Boosting biomethane production is key part of Gas Goes Green plan
The Gas Goes Green Pathway to Net Zero is the response of the UK's five gas network companies - Cadent, Northern Gas Networks, SGN, Wales & West Utilities, and National Grid - to the need to replace the natural gas that 85% of the UK’s homes rely on for their heating, hot water, and cooking, with a greener alternative.
The programme is making the necessary changes to convert the UK’s £24 billion (€28 billion) of gas network infrastructure to run on hydrogen and biomethane instead, helping to support green jobs and investment in industry and offices nationwide.
As the programme progresses through the first planning and research step of its six-step pathway, it will also begin the work on its second step, facilitating the connection of more green gas. Highlights of this year’s activity include:
- Detailed plans for how gas networks will deliver Prime Minister Boris Johnson’s target of blending up to 20% hydrogen into the UK’s gas network from 2023, so UK homes can reduce their carbon emissions by the equivalent of 2.5 million cars per year – all without changing their household appliances.
- Putting in place the right licensing arrangements to build the infrastructure needed for the use of hydrogen in the UK’s industrial heartlands, supporting energy-intensive industries as they decarbonise. Using hydrogen to decarbonise industry could create 43,000 UK jobs by 2050, according to research by consultants Element Energy.
- Boosting UK biomethane production, creating new green gas markets for farmers and other biomethane producers, by finding ways to convert existing biogas power plants to inject biomethane into the gas grid instead – as well as streamlining the gas grid connection process for biomethane and hydrogen. Biomethane alone could deliver a 6% reduction in the UK’s greenhouse gas emissions by 2030 and provide heating for 6.4 million homes.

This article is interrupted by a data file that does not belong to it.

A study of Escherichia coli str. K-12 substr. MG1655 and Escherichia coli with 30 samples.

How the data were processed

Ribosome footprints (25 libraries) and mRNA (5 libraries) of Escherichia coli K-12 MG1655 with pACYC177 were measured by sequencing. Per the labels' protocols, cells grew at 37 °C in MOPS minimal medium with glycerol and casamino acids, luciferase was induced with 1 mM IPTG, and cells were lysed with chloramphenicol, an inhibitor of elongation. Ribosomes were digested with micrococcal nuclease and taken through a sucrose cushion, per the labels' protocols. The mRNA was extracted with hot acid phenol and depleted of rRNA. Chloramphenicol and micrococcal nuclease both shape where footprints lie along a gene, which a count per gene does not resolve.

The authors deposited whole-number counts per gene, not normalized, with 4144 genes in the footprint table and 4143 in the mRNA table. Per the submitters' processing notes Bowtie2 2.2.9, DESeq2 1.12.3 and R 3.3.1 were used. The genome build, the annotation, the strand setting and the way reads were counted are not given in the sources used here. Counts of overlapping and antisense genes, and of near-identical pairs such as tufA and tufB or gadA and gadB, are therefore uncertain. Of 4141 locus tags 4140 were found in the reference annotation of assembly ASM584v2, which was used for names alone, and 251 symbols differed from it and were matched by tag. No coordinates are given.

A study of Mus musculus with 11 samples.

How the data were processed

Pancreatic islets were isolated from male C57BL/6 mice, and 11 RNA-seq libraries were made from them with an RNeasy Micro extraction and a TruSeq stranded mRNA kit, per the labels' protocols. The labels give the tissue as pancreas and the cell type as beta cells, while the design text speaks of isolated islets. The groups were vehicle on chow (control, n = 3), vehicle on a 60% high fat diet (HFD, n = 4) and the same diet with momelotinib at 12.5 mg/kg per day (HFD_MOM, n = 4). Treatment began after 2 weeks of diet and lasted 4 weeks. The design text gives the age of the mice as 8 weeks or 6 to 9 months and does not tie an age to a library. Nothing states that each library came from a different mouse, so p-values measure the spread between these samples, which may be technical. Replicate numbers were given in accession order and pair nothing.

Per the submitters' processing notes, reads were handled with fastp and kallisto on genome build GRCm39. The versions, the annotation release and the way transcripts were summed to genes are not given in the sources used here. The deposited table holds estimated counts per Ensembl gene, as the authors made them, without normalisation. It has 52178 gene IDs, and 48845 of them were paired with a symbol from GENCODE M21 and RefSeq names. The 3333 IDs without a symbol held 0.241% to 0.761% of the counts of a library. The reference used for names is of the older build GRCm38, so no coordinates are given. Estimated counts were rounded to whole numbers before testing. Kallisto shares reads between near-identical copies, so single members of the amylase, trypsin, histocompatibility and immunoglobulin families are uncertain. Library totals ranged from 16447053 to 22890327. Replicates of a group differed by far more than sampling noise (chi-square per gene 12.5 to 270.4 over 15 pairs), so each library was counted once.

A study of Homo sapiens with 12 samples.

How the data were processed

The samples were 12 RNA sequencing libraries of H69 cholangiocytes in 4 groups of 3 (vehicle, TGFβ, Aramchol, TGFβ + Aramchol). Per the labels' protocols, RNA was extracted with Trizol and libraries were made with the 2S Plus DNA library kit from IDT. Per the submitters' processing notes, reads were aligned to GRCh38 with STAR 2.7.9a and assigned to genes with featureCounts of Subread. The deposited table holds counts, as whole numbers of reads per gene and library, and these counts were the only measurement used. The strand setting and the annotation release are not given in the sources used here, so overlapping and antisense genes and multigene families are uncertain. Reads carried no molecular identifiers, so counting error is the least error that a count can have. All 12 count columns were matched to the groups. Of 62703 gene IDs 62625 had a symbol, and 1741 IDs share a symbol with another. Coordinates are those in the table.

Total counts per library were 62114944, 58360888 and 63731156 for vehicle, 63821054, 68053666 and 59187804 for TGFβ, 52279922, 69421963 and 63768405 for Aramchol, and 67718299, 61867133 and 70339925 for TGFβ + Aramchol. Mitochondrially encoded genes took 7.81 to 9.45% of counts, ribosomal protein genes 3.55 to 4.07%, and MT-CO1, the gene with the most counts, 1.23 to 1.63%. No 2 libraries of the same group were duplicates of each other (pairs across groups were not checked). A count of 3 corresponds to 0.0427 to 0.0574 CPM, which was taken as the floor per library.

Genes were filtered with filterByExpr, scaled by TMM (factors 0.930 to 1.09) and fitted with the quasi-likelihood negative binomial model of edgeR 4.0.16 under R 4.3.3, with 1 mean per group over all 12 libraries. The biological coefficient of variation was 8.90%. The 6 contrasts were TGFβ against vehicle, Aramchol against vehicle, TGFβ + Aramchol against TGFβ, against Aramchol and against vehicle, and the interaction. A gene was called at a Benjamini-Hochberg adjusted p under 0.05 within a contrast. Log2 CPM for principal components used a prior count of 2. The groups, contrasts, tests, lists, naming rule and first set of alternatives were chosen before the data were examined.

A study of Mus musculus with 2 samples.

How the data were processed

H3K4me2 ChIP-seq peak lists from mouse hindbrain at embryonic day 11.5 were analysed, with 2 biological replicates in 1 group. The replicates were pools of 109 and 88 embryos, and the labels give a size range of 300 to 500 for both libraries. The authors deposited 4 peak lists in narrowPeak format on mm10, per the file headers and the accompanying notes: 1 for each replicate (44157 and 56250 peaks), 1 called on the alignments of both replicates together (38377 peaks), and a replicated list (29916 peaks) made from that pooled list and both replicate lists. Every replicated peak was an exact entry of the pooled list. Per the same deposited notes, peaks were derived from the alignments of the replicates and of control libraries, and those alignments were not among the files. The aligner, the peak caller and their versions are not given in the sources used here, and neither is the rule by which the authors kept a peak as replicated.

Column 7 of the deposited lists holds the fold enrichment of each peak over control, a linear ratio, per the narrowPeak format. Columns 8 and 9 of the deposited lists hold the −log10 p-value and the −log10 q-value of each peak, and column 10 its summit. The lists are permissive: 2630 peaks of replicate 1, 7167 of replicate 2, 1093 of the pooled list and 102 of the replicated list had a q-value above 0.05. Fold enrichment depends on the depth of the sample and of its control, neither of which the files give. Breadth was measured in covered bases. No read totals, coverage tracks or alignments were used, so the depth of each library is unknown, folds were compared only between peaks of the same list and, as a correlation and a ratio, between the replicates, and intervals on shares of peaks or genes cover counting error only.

“With high ambitions ahead of COP26 later this year, it has never been truer to say that tomorrow’s heat is today’s opportunity,” said Chris Train OBE, the ENA’s Green Gas Champion.
“These plans set out how the UK’s gas networks can reduce carbon emissions from UK homes through the work they are delivering, and the exciting opportunities that lie ahead of us as we take the next steps on that journey.”
Dr Jonathan Scurlock, chief adviser of renewable energy and climate change at the National Farmers’ Union, commented: “Our farmer and grower members welcome the opportunity to provide more low-carbon gas to heat UK homes and businesses, increasing our contribution to the national net-zero goal.
“Overcoming regulatory barriers to bring down connection costs and network constraints will be key to achieving this.”